No Big Ten opponent had dominated the Gophers like Michigan State during Richard Pitino's seven-season tenure as men's basketball coach.
The tables were turned at least for one night.
Fresh off earning their first Top 25 ranking in three years, the No. 21 Gophers ran away from the No. 17 Spartans from start to finish behind a combined 37 points from Marcus Carr and Liam Robbins in a resounding 81-56 victory Monday at Williams Arena.
The Gophers (9-1, 2-1 Big Ten) matched their biggest margin of victory ever in the series; the 1997 Final Four team won 68-43 in East Lansing, though that result has been vacated. Pitino picked up his first home victory against Hall of Fame coach Tom Izzo, who hadn't lost at the Barn since 2012.
"I have so much respect for Coach Izzo," Pitino said. "I have so much respect for Michigan State and what they're all about. So, it's another win vs. a Top-25 team, a team everyone in this league really, really respects."
Entering Monday, the Spartans (6-3, 0-3) had won 24 of the past 27 meetings during the regular season, including seven consecutive regular-season victories since 2015. Michigan State is now off to its worst start in Big Ten play since 2001-02.
The Gophers were tougher physically and mentally coming off an emotionally charged 102-95 overtime victory over then-No. 4 Iowa on Friday, when the Gophers rallied from seven points down with 44 seconds left.
"Right from the beginning I thought we set the tone with our physicality," Pitino said.
This was a much different Izzo squad than the one that played in the Final Four at U.S. Bank Stadium two seasons ago. Not only were the Spartans missing surefire NBA-level talent, but they allowed the Gophers to dominate in rebounding margin (52-26) and points in the paint (40-16).
It helped that the home team established an inside presence early with its 7-footer Robbins, who had 12 of his 18 points in the first half. After Robbins scored the first six points of the game, Carr's three-pointer made it 9-0 before Izzo could blink.
The Spartans cut it to 15-9 midway through the first half, but Robbins' layup sparked the Gophers on a 16-2 run. Eric Curry's two free throws gave them a 31-11 lead with 3:10 left.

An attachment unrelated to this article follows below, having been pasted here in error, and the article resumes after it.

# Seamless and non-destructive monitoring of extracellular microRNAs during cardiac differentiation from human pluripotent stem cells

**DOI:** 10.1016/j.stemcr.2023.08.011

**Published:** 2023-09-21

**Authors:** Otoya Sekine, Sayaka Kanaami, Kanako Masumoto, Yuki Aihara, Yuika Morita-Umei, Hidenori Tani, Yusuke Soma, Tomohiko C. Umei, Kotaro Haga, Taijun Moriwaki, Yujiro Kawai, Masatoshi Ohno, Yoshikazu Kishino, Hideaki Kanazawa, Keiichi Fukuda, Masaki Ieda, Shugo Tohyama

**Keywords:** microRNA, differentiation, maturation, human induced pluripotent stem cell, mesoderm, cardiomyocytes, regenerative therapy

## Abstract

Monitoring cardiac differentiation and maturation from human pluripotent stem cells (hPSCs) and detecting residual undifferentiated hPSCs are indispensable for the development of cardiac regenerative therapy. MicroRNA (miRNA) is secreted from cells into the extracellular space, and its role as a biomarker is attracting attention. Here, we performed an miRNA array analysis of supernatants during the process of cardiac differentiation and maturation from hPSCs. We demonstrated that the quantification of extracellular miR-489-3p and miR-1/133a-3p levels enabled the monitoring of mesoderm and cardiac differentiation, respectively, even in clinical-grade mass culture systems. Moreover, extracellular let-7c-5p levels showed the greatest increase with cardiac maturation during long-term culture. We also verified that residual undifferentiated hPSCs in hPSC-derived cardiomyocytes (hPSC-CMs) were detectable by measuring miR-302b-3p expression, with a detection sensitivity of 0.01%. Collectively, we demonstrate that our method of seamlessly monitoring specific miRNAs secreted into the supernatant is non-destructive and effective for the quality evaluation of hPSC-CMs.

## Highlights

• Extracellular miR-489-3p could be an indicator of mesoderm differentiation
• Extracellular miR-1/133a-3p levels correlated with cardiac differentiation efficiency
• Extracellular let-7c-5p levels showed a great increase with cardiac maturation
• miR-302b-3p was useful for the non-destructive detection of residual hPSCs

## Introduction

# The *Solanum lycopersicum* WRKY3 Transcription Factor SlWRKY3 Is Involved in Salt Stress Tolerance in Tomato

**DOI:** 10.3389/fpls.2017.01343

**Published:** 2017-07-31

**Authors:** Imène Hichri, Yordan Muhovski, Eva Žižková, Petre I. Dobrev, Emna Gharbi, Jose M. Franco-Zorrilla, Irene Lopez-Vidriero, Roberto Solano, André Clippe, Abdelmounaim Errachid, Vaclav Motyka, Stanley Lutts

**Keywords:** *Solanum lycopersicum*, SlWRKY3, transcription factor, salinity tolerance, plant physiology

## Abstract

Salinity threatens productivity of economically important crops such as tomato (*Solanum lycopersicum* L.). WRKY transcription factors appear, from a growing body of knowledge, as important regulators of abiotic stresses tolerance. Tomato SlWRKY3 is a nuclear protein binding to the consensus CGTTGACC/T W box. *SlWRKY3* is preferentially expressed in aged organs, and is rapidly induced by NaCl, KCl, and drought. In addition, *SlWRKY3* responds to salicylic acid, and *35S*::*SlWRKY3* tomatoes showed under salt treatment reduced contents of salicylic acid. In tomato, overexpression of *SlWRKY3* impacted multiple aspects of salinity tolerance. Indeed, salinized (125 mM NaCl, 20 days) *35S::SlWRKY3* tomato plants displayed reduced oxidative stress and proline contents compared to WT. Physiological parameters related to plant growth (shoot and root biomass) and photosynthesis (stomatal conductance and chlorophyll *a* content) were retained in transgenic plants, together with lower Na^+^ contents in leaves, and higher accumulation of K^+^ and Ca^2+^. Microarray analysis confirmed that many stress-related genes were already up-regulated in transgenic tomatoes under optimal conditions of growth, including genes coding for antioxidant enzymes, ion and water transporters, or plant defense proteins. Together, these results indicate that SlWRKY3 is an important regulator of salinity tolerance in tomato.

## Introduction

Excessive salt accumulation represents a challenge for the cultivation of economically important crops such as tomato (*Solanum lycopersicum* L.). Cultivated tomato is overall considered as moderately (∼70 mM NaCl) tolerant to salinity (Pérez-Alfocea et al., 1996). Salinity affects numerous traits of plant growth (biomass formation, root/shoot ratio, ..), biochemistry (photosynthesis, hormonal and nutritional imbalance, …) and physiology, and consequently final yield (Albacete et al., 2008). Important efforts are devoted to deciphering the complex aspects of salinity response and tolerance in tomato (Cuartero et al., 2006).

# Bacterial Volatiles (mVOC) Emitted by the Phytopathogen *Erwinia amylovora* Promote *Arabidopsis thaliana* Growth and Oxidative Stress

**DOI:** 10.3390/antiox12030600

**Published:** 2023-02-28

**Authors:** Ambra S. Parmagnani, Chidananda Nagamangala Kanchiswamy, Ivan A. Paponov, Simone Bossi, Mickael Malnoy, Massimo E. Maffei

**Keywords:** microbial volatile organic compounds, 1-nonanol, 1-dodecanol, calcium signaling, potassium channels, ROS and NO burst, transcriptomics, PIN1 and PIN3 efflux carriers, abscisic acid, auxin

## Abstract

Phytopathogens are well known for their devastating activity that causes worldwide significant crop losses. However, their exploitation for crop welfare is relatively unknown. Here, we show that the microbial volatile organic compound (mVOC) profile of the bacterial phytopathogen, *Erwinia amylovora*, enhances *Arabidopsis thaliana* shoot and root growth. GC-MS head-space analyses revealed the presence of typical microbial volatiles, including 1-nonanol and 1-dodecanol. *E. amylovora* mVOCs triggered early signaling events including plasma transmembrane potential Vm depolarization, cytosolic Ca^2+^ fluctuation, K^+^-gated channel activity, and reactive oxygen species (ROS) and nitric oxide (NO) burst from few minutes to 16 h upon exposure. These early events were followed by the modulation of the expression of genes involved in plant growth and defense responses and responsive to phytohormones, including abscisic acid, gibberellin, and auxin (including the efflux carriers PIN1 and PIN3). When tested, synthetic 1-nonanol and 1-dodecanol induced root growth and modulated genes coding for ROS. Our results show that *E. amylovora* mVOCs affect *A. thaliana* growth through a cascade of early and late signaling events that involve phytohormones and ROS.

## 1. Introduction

Michigan State was held scoreless for 5 minutes, 28 seconds in the first half, which included 12 consecutive missed shots. The Gophers had no baskets for more than three minutes, but Carr's three-pointer to beat the buzzer gave them a 36-16 lead at halftime.
"We really took an emphasis on the rebounding side of things," senior Brandon Johnson said. "Last game we gave up [23 offensive rebounds to Iowa]. There was a major emphasis on boxing out and making sure we don't get beat that way, because Michigan State, that was their motto."
After hitting 17 three-pointers on a program-record 43 attempts against Iowa, the Gophers didn't just rely on the outside shot Monday, when they shot only 24% (6-for-25) from deep but 63% (24-for-38) from inside the arc.
The second half was more of the same for the Gophers. Gabe Kalscheur and Both Gach combined for eight points during an 11-2 run. Gach's old-fashioned three-point play gave Minnesota its biggest lead 47-21.
Gophers fans aren't allowed to attend games during the pandemic, but they wondered how their team would fare in the Big Ten after a 27-point loss Dec. 15 conference opener at Illinois.
The Gophers answered those questions in a big way by beating St. Louis, Iowa and Michigan State, all NCAA tournament-caliber teams that were favored at Williams Arena. They have back-to-back victories vs. ranked foes for the first time since the 2010 Big Ten tournament. They can make it three in a row Thursday at No. 6 Wisconsin, which lost at home to unranked Maryland on Monday.
"I definitely think we're excited because we worked really hard," Robbins said. "Seeing the results is definitely a pleasant surprise."